Google's new wearable tracks vital signs for medicine

Health tracking wearables

Google has revealed it's developing a new wearable, though it won't be for consumers.

Speaking to Bloomberg, Andy Conrad, head of the life sciences team at Google, explained the intended use for the health-tracking wristband, "... is for [it] to become a medical device that's prescribed to patients or used for clinical trials."

The wearable can measure pulse, heart rhythm and skin temperature, as well as collect environmental information like light exposure and noise levels, according to the report.

The information collected would be continuous, a feature Google believes will allow doctors to get a better view of a patient's health.

Google's new focus on health

In development within the Google X division, the new health tracking wristband is still an experimental device that the search giant hopes could work as a preventative measure for health conditions.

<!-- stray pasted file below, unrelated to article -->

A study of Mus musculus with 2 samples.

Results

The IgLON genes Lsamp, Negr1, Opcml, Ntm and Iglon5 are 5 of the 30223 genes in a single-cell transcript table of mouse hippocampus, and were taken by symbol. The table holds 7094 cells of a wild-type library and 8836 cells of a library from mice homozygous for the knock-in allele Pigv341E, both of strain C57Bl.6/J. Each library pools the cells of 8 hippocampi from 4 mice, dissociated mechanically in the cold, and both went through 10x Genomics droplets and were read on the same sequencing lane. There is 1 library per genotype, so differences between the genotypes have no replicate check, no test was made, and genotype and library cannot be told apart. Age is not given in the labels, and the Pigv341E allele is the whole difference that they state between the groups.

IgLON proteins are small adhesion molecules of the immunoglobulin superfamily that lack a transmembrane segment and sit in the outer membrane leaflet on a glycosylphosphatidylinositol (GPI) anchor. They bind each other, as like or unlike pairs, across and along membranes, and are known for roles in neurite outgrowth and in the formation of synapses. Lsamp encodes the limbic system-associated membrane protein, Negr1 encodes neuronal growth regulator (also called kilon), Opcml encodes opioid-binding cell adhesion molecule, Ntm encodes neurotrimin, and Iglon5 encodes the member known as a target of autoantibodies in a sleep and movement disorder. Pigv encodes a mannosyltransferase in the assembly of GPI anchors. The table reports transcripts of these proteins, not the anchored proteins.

Google X has had a focus on health-monitoring tech for a few years now, with projects including sugar level-monitoring contact lenses and using nanoparticles to track blood cells and protein in cancer patients.

The company will work closely with the medical and pharmaceutical industry to test and fine-tune the new wearable, with trials reportedly set to start over this summer.

Google will also be seeking to pass regulations in the US and Europe, so we likely won't be prescribed a Google health tracker by our own doctors for a few more years yet.